The death of Nelson Mandela at age 95 is one of those profound moments at which point we take a sort of grand cultural, historical, and social inventory of all the good in the world. People in South Africa are busy celebrating his outsized life, moral grandeur, and enduring legacy. Of course, it’s standard protocol for political leaders to issue some formulaic message on Mandela’s significance and the grief that everyone feels over his loss. Because Mandela’s importance transcends South Africa and even politics – he is a symbol with timeless and global reach – it’s not unexpected that celebrity artists, social activists, and change agents of all stripes would be moved to share some token remembrance. We saw them pour forth from official media outlets. We also were also deluged by endless tweets.
But Maya Angelou’s interview on CBS’s Face The Nation certainly ranks as the most important reflection on Mandela’s accomplishments. Angelou is probably the world’s most famous African-American poet as well as deeply connected to the anti-Apartheid struggle (she was at one time married to one of Mandela’s political rivals). She was striving to be poignant when she referred to Mandela as a gentle giant. The elderly poetess reached for the poetic when she eulogized him with the words “his day is done.”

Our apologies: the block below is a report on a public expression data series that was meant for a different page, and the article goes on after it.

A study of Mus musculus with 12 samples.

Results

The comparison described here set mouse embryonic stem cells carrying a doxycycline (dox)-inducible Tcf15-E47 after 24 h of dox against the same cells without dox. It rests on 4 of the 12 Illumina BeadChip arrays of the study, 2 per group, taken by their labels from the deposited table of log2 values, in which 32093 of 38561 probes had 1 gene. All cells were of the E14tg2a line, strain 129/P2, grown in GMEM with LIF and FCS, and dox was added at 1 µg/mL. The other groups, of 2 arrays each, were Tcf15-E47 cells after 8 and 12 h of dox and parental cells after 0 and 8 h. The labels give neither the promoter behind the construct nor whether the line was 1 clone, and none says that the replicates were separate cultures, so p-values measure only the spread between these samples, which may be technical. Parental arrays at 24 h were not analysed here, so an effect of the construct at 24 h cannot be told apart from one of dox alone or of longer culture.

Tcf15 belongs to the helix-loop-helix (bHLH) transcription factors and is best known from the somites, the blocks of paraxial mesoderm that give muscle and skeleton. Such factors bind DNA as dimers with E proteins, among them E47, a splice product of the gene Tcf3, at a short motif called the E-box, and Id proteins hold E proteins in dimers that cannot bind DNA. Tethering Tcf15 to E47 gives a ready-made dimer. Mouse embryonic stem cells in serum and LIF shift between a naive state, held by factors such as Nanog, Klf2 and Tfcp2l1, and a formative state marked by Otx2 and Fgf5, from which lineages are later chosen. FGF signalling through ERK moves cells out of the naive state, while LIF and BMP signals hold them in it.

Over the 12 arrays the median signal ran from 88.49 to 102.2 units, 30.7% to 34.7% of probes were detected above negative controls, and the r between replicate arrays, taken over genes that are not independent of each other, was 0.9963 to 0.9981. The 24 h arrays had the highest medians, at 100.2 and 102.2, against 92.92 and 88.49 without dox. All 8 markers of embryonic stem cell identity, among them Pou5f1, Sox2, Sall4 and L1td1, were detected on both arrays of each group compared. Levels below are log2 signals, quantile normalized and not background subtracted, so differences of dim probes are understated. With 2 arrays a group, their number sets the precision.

It was, however, a more matter of fact comment by Angelou that truly defines Mandela’s monumental stature. What amazed Angelou was how “Today, there are people who actually go to South Africa for vacation.” An observation that is economic and prosaic somehow captures the transformational impact of this great leader.
The implications of Angelou’s words are staggering. It just takes one person with moral clarity to completely reverse not just a terrible social status quo, but to see to it that its after-effects don’t result in chaos, retaliation, and more repression. The so-called freedom fighters struggling against Arab despot regimes should take note. Many of them would do well to study Mandela’s example. Protest has to have an ultimate endgame in mind, one predicated on stability. Today’s unrest has to become tomorrow’s vacation destination.